Your Internet Privacy is Under Threat: How The Snooper’s Charter Will Affect You
The Snooper’s Charter is ostensibly intended to monitor potential criminal activity by way of allowing the UK government to conduct surveillance of equipment and data, effectively meaning that they can spy on their citizens by way of accessing their smartphones, laptops and more. The 300-page bill, which was first proposed by then-Home Secretary and current Prime Minister Theresa May, has been branded draconian by its detractors, with its wording being kept deliberately vague so as to allow the government to have access to as many surveillance techniques as possible.
While those supporting the bill will defend it by pointing out how it will allow authorities to more adequately prevent terrorism, the success rate of similar tactics employed by the US government has been regularly brought into question. Following the NSA leaks, critics in the US claimed that despite the mass amount of citizen surveillance employed without the public’s knowledge, there was no concrete proof of the measures taken by the NSA actually working to prevent terrorism. The same is being predicted for the Snooper’s Charter, with those who have been lobbying against the bill stating that it will not help protect UK citizens, but will instead ensure that the government can more easily infringe upon their basic rights and privacy. Here’s how the Snooper’s Charter will directly affect you after it is passed later this year:
ISPs storing your web history for 12 months
There are a number of major new threats to our privacy that will arise from the enforcement of the Snooper’s Charter. The most troubling of the new rules set to be enforced is that Internet Service Providers (ISPs) will be required to store records of your web browsing history for 12 months, with these companies legally entitled to show them to police upon request.
On top of this, web companies such as Google, Facebook and Twitter would also be required to store individual data records for a year, too, though this is a more complex issue that will likely see the UK government faced with opposition by these foreign companies. However, if a deal is struck then this effectively means that your personal browsing history will remain available for viewing at any point, which makes everyone more susceptible to attacks from hackers. With the security of this data being left up to the discretion of the ISPs, web companies and government, one misstep could place the web history of internet users under direct threat, leaving them very vulnerable to cyber crimes.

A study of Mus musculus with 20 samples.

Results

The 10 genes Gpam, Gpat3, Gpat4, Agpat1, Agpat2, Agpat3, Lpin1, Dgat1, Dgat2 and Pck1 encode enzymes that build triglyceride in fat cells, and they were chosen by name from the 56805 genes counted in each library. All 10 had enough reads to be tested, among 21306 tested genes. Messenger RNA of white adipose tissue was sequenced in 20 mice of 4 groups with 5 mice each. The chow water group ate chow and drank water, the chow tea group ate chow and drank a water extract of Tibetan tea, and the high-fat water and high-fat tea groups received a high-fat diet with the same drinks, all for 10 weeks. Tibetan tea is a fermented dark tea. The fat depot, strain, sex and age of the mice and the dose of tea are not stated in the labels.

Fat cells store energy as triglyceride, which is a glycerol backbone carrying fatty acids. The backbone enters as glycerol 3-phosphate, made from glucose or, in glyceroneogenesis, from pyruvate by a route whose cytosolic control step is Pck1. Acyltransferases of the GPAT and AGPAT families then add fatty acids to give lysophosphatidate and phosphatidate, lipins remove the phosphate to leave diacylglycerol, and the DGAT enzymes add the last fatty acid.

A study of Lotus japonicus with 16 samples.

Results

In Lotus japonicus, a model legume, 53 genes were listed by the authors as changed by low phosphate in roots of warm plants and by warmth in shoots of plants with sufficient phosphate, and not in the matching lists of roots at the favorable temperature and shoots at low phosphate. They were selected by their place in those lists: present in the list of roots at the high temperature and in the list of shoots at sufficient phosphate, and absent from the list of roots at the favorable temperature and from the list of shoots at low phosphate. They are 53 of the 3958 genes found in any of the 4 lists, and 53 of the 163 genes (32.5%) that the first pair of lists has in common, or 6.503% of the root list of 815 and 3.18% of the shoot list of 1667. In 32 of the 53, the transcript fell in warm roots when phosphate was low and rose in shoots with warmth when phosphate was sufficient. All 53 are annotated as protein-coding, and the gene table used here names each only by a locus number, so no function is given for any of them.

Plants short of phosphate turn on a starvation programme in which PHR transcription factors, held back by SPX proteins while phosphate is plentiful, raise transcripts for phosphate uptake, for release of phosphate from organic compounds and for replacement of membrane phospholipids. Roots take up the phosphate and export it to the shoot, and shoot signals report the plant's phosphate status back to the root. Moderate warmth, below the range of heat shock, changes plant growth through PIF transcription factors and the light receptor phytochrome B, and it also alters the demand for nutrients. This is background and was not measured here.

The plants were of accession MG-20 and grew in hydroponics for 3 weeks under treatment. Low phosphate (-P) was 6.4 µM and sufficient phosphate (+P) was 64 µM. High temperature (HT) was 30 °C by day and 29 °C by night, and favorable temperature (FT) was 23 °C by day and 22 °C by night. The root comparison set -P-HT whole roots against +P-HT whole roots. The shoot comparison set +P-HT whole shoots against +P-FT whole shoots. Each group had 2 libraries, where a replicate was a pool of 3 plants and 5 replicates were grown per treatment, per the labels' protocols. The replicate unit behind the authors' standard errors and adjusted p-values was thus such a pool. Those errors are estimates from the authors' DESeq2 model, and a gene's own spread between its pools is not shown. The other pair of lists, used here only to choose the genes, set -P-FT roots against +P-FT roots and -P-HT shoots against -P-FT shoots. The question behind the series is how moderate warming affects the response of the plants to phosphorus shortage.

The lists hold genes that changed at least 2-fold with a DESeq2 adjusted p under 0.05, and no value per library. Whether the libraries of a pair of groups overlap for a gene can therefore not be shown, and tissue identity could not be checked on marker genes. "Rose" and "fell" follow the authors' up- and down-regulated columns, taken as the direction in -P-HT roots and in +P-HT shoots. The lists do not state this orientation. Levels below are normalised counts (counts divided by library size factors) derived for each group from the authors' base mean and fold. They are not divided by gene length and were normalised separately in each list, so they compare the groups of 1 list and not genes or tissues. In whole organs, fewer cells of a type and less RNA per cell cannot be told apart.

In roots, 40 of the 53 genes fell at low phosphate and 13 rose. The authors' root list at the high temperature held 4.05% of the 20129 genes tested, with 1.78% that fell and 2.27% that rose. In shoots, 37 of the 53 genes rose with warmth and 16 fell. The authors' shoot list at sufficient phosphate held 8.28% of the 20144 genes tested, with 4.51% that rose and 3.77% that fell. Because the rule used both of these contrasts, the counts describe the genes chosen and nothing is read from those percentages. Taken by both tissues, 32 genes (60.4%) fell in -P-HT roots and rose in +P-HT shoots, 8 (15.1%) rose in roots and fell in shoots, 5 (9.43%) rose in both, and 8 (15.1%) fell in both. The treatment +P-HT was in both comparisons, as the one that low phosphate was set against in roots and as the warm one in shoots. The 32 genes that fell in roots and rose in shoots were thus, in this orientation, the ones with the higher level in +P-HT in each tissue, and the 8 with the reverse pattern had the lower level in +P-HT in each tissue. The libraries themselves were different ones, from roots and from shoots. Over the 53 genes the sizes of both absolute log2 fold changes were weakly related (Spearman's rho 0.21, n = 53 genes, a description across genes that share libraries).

But that’s not all: this rule covers not just ISPs, but Communications Service Providers (CSPs) too, which even includes telephone companies and postal services. This means that outside of the government being granted access to your internet history, if they target you they can successfully gain access to your phone records and even intercept your post.
Another threat to your security is a rule that will allow for bulk hacking, which will allow the government to access communications data in bulk, giving them the most amount of information in the shortest time possible. An example of a bulk hack would be the government gaining access to NHS health records, a terrifying scenario which effectively puts your entire medical history at risk.
With so many keeping their medical history private out of fear they it will potentially affect their careers and livelihoods, the government being able to access such data yet again increases the threat of hackers being able to obtain this data. As is the case with the Snooper’s Charter’s impact upon CSPs, hackers could find a way to infiltrate the information withheld by the government, and effectively use it to blackmail those whose personal information they have compromised.
Bugging phones and computers
The Snooper’s Charter will also allow security services to receive warrants that will allow them to legally bug phones and computers, with them able to monitor a user’s activity in real-time. Though it seems more likely that this tactic would solely implicate actual criminals, rather than providing a threat to innocent civilians as in the case with the other rules, this would also allow the government to effectively bypass encryption.
Encryption is intended to keep communications data safe and private, though the UK government attempting to create backdoors would therefore leave encrypted data vulnerable and potentially accessible by others. Though there are caveats that could ensure encryption remains in tact, such as the government outlining in a revised version of the Investigatory Powers Bill that companies can only be asked to bypass encryption if they themselves enforced it or if it is “practicable for them to do so,” the threat is still concerning.